New treatment guidelines released today in Gastroenterology outline a personalized approach for treating patients with approved drug treatments for irritable bowel syndrome (IBS) with constipation (IBS-C) or IBS with diarrhea (IBS-D). IBS is one of the most common disorders of both intestines, affecting up to 35 million Americans.

The guidelines outline, for the first time, when to use newly introduced IBS drugs, when to rely on old drugs approved by the FDA and when to use over-the-counter drugs. With more treatments available, physicians can tailor a personalized approach based on the symptoms a patient with IBS is experiencing.

We have so many treatment options, we can now take a targeted treatment approach to patient symptoms. It’s very important for patients to be open about their IBS symptoms and just as important for gastroenterologists to set realistic expectations for this chronic disease to ensure the best quality of life for their IBS patients.”

Shahnaz Sultan, MD, Author, AGAF

Advice for patients with IBS: prioritize lifestyle modifications (including exercise, sleep, stress reduction) and dietary changes (such as increasing fiber or the low-FODMAP diet) prior to seeking an IBS specialist, such as a gastroenterologist, for advanced treatment options. When you do speak to a provider, be clear on your symptoms to help your doctor determine the medication that is right for you.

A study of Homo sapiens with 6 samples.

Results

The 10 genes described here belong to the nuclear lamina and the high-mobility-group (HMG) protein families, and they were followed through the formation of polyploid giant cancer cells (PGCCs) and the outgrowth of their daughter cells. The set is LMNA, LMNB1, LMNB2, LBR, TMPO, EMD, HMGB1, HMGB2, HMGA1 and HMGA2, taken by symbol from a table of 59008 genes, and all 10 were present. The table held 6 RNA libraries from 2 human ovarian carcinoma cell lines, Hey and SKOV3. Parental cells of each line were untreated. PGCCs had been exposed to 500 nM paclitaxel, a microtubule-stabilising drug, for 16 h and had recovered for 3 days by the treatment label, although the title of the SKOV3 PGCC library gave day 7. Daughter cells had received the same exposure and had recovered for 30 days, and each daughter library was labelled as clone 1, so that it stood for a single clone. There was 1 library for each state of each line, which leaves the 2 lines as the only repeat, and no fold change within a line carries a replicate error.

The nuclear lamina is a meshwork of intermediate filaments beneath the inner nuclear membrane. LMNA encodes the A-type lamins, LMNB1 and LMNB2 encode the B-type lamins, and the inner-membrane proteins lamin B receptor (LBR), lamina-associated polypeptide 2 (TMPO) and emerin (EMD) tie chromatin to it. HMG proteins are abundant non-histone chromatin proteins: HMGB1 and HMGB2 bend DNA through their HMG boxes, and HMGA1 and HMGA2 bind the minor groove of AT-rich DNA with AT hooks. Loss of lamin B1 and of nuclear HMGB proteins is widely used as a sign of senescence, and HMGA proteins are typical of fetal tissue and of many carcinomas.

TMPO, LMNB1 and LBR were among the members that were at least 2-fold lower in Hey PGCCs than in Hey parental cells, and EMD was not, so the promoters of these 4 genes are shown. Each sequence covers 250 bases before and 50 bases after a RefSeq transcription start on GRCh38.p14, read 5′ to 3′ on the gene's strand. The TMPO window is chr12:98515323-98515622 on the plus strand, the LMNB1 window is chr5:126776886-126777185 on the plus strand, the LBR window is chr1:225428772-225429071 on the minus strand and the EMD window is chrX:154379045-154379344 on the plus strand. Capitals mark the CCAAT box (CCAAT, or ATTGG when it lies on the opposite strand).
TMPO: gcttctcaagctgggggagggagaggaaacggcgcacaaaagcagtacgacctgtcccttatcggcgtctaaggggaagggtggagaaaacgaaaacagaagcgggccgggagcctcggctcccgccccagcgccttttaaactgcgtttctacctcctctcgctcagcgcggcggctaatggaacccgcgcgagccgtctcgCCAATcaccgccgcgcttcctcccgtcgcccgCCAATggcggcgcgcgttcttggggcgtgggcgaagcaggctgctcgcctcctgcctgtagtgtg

Read the AGA Clinical Guidelines on the Management of Irritable Bowel Syndrome with Constipation (IBS-C) and Irritable Bowel Syndrome with Diarrhea (IBS-D) to review both sets of recommendations that detail specific patient scenarios and best treatment options.

Source:

American Gastroenterological Association

Journal reference:

Chang, L., et al. (2022) AGA Clinical Guidelines on the Management of Irritable Bowel Syndrome with Constipation (IBS-C). Gastroenterology. doi.org/10.1053/j.gastro.2022.04.016.